It's not cricket, but Cronje's story is compulsive viewing

BROADCAST SPORT

IF YOU wanted the name of a better-than-average referee to stick on the bottom of your CV, you couldn't do better than request the help of Nelson Mandela, the only saint alive on earth. But let's face it, you'd be lucky if the great man obliged – unless you happened to be a South African sportsman so brilliant, upright and noble, you were anointed by Mandela, without even having to ask.

In Paul Yule's gripping film Not Cricket: Hansie Cronje (BBC4) the then South African president was shown in the late 1990s, endorsing his country's captain. "It has not been easy to crawl out of the devastating isolation which has lasted for decades," said Mandela, who had himself crawled out of the devastating isolation of Robben Island, in 1990, co-incidentally during Mike Gatting's rebel tour of South Africa. "I must congratulate in particular Hansie Cronje for the excellent manner in which he has led the team."

But even at the time of this little homily, Cronje was already working for bookmakers – as he had since around 1996 – and soon afterwards he was keeping alive a test match against England, at the request of bookie Marlon Aronstam, by taking the unprecedented step of forfeiting an innings on the fourth evening of a rain-effected match.

The last day's play that resulted allowed more than 2,000 punters in far away India to place bets of $100 or more against a whole series of possibilities, including runs scored in 10-over periods, wickets falling through the course of the day and on the result of the match. Millions of dollars were wagered, said Aronstam – who had the self-satisfied look of a man who never failed to give in to any of his own appetites – and for his pains, Cronje received the gift of a leather jacket, and 500,000 rand for the charity of his choice.

It didn't seem much recompense. But by then this former public school boy, who was born into wealth, had already accepted hundreds of thousands of pounds in bribes. "I do like money, I'm not trying to get away from that," he told the King Commission which later investigated corruption in South African cricket.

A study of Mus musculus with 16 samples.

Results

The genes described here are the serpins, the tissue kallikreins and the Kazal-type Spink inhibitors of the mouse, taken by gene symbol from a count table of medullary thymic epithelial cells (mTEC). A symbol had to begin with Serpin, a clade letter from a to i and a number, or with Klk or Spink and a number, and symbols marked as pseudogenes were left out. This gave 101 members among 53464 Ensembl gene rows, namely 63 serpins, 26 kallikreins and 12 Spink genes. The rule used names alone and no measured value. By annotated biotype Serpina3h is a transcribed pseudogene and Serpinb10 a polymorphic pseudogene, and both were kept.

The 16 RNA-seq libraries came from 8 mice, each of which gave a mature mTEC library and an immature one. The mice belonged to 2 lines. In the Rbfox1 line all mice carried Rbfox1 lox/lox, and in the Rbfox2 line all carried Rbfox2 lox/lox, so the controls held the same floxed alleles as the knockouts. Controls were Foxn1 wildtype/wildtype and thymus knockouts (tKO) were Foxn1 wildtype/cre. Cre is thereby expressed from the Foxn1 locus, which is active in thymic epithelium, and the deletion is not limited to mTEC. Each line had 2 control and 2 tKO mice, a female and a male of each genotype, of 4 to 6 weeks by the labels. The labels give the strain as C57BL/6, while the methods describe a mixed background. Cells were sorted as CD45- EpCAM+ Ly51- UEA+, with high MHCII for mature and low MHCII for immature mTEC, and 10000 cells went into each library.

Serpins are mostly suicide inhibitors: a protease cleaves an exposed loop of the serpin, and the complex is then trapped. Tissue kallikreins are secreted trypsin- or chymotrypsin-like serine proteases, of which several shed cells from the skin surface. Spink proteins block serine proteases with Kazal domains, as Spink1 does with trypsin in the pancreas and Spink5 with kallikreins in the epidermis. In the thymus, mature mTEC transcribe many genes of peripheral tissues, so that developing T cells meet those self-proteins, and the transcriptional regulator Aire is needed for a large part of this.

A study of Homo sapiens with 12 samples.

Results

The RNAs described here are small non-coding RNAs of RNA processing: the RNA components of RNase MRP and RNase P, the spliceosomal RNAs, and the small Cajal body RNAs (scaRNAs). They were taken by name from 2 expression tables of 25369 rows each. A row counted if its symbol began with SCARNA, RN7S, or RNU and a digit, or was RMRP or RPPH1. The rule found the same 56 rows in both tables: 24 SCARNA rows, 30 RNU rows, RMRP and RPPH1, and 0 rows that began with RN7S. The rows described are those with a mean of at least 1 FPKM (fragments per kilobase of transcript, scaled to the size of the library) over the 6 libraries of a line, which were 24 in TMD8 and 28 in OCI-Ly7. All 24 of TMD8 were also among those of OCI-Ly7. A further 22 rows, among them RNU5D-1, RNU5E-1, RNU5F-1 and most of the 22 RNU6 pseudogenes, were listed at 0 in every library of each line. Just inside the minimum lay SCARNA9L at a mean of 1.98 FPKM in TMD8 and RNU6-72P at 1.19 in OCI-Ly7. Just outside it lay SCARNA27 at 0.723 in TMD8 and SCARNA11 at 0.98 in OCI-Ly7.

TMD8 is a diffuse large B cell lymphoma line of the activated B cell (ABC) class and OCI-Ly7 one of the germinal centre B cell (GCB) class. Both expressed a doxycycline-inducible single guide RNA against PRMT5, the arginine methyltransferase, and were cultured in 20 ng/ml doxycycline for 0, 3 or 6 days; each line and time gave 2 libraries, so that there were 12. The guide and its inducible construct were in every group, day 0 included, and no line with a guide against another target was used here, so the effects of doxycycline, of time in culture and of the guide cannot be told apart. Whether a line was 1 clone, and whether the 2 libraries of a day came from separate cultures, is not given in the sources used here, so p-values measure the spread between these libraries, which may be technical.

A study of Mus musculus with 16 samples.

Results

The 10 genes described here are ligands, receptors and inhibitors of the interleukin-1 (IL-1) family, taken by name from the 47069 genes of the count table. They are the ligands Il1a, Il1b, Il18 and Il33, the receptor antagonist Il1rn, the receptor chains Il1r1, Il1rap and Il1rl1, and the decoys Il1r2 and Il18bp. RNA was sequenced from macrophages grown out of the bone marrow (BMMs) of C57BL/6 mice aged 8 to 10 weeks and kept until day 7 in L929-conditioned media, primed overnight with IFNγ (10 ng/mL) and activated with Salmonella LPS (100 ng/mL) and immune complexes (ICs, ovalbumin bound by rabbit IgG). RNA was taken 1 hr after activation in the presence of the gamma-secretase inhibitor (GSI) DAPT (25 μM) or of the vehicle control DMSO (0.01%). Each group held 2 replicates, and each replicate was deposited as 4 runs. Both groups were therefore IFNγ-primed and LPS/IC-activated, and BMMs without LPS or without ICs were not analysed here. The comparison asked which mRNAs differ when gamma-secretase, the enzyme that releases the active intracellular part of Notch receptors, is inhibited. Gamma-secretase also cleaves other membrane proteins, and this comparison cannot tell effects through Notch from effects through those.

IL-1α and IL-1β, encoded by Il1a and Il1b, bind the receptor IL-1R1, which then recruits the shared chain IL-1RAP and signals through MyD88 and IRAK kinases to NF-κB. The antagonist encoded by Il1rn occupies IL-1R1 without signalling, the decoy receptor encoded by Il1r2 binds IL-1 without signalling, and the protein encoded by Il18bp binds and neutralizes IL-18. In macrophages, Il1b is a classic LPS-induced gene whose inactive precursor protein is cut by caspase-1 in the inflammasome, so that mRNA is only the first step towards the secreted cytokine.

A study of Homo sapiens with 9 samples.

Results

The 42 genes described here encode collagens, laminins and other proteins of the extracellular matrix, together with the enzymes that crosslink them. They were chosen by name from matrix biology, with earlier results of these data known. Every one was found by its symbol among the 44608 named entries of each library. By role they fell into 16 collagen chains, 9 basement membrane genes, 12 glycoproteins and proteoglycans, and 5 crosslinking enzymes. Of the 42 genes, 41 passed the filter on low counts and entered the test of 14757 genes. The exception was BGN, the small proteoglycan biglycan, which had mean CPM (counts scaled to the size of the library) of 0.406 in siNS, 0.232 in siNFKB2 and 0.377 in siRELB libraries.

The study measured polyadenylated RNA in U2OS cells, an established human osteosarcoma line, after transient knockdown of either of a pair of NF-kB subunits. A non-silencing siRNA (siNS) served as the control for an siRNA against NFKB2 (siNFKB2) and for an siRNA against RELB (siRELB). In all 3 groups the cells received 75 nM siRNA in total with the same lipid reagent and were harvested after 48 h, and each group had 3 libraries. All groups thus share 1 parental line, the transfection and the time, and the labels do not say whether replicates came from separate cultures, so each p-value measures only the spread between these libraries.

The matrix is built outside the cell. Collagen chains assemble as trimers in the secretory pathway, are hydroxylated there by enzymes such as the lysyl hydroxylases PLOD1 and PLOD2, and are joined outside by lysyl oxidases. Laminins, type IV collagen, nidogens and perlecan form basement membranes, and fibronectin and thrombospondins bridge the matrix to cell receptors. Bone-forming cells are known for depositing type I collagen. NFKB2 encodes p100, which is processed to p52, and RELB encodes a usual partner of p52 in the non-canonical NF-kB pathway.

Cronje used the same power of leadership, which had made him lauded as a captain, to corrupt his team-mates, and relied on the power of money to do the rest. "Every man has his price – if anyone's interested, mine's a million pounds sterling," said the former test bowler Brian McMillan, who was not one of the players charged with corruption.

Cronje was only caught by a fluke. On tour in India he'd borrowed the phone of another man who was already being investigated by the police. Detectives listening in were amazed to hear a South African discussing match fixing with a distant accomplice. Even then, Cronje would have got away with it, if he had denied everything, said Aronstam. But he didn't, and the wreck of the man that next appeared on camera already knew his career was over.

Journalist Telford Vice watched that press conference. "He was almost physically smaller," remembered Vice. "You could see in his face, there was a change. He wasn't the bulletproof figure he'd been."

Cronje died, aged 32, on June 1, 2002, the only passenger in a cargo plane that crash into mountains. In life, his record of 27 victories in 53 Tests made him South Africa's most successful captain, and the fourth-highest ranked captain in Test history. In death, he still believed that he had never actually thrown a game. "As God is my witness," he told his friend Bob Woolmer, shortly before the fatal flight, "I never fixed a match."

Woolmer appeared to believe him, but within weeks of contributing to Yule's film, he too had died in Jamaica, apparently of natural causes but amid sensational allegations that he had been murdered because of his own involvement in betting.

Viewers inclined to conspiracy theories would have been encouraged in their opinions by the final contribution of the smug Aronstam: "They'll never clean up cricket – there's way too much money involved." Surely not. I mean, who's going to bet on this current New Zealand team actually winning a game?

But if you are, there's probably a man in India who'll give you very good odds.